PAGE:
Should we worry about the chemicals we’re using to colour our hair?
Feeling it’s time to freshen up your hair colour? Many people who use hair dye do so without any evident problems. Unfortunately, that’s not the case for everyone.
Exact figures are hard to find but estimates suggest more than 70 percent of women and 20 percent of men colour their hair. And we’re starting younger and doing it more often.
Even if you’ve used hair dye many times with no adverse effects, it’s possible you could become sensitised to an ingredient and have a reaction the next time you colour your hair.
The culprit? Hair dyes typically contain ingredients known as “strong” or “extreme” skin sensitisers – substances that can potentially cause severe allergic reactions.
One of the most common sensitisers is called p-phenylenediamine (PPD). PPD is classified as an extreme sensitiser and is identified as a key cause of allergic reactions to hair dye.
It’s estimated PPD is used in more than two-thirds of permanent hair dyes you can buy off the shelves, including products marketed as “natural”, and is also common in salon dyes.
Regulations here allow PPD to comprise up to 2 percent of a hair dye.
Manufacturers aren’t required to state exactly how much PPD is present and, depending on the colour, the level can vary. There tends to be more PPD in darker dyes, bad news for wannabe brunettes. Semi-permanent dyes, which use different ingredients, don’t usually contain PPD.
Dermatologist Dr Amanda Oakley says allergic reactions range in severity. They occur when the body thinks a chemical is harmful and produces an immune response against it. The result is usually an acute contact dermatitis affecting all areas touched by the dye especially the face, neck and scalp.
Some allergic reactions may not happen straightaway. Dr Oakley says reactions to PPD, for example, usually occur between 6 and 36 hours after use. Symptoms can include marked reddening, swelling and blistering. The reaction tends to be less severe on the scalp than on the more sensitive skin of the face and neck.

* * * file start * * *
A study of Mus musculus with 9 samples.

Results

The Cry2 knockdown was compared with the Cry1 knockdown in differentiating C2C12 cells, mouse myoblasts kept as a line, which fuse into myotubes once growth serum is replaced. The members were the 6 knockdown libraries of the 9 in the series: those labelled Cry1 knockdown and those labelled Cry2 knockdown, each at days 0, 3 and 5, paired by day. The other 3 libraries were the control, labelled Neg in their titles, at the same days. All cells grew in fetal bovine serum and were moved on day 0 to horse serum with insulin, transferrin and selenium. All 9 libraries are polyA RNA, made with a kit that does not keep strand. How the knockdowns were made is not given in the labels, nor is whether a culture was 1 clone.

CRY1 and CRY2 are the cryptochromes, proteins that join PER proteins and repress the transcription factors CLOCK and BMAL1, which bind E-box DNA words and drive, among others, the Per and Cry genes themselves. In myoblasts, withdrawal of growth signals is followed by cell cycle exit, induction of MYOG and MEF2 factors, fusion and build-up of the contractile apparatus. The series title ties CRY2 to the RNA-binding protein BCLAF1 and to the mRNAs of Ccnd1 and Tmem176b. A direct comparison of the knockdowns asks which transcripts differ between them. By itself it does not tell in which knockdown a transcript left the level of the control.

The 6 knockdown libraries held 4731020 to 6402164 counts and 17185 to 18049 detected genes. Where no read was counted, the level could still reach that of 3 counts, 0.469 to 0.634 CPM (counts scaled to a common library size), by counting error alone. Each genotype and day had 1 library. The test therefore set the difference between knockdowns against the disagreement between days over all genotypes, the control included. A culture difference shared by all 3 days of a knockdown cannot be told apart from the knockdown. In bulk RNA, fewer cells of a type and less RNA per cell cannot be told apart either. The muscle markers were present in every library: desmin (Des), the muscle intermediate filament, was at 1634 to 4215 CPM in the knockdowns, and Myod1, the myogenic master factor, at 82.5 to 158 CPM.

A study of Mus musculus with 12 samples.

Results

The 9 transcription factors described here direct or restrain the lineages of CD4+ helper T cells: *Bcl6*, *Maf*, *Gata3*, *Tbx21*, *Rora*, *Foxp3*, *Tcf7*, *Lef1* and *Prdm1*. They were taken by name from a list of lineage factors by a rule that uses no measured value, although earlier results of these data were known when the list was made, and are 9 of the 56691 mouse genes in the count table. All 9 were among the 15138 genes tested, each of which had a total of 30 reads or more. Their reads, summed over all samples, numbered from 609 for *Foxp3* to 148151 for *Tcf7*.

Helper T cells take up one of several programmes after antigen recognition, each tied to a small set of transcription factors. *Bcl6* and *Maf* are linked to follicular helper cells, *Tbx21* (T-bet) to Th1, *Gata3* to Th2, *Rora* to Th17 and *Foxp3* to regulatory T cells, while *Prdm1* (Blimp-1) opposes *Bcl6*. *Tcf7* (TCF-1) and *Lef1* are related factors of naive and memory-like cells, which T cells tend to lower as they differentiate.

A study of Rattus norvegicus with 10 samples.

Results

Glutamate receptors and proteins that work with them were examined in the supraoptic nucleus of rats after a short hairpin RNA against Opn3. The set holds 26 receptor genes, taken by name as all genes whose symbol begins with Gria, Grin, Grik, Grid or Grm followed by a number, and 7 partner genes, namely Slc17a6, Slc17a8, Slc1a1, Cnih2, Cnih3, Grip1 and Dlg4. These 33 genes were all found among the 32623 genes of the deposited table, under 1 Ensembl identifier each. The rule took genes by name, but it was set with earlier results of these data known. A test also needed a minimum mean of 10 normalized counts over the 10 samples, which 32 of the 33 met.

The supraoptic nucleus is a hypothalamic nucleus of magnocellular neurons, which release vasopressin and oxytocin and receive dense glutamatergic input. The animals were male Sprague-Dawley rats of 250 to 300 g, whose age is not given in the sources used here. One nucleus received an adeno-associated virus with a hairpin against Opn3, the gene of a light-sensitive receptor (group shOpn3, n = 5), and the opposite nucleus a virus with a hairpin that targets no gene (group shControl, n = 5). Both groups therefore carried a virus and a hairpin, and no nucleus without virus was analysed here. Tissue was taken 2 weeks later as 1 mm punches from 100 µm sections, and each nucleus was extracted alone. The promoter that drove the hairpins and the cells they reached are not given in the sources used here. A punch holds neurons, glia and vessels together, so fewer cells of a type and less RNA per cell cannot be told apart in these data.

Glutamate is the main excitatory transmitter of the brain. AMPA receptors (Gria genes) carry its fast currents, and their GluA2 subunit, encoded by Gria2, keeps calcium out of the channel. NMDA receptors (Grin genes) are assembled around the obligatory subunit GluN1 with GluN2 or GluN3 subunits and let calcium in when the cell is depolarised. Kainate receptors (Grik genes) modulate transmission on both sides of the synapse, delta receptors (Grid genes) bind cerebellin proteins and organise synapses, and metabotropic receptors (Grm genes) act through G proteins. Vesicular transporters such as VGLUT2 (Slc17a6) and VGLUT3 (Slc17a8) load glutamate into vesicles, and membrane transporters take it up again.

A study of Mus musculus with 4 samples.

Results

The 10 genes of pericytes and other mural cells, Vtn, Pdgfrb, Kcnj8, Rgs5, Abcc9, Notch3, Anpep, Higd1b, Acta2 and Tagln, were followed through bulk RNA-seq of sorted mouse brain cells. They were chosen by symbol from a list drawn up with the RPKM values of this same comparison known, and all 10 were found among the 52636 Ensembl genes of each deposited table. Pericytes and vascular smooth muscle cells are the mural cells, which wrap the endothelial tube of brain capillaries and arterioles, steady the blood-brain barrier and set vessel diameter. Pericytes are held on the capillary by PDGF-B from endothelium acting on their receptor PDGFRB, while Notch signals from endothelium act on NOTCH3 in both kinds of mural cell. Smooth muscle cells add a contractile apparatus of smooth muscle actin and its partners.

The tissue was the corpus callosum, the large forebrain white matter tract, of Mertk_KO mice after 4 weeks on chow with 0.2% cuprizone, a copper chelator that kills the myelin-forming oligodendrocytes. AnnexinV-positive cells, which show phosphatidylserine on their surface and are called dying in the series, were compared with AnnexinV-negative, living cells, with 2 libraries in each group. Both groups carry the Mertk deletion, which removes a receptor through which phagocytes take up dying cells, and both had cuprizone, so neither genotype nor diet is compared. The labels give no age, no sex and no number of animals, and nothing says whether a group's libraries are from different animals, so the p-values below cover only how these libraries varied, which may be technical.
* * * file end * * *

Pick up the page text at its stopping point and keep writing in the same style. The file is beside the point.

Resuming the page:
In rare cases, allergy to a hair dye ingredient can cause anaphylaxis. This is an extreme allergic reaction that can be life threatening if not treated quickly. Symptoms include an immediate itchy rash, wheezing, difficulty breathing, faintness and collapse.
Hair dyes containing PPD and other sensitisers must carry the following warnings:
To test whether you’re allergic to a product, dye manufacturers usually recommend a patch test 48 hours before use. This involves applying a small amount of the product to your forearm or behind your ear. If a reaction occurs, you shouldn’t use the dye.
But patch tests may not be 100 percent reliable. The EU’s Scientific Committee on Consumer Products has previously cautioned there’s a risk patch tests can give misleading and false-negative results.
The committee found patch tests can give people the false impression they’re not allergic or not at risk of developing an allergic reaction. One reason for this is the reaction time – reactions can take up to 7 days to develop, not just 48 hours.
Permanent hair dyes work by penetrating the hair cuticles – the outer layer of your hair. Semi-permanents simply coat the outer layer and usually fade after a few washes. Permanent dyes last much longer – but not “permanently”. After a few weeks, you’ll get re-growth of your “normal” hair at the roots.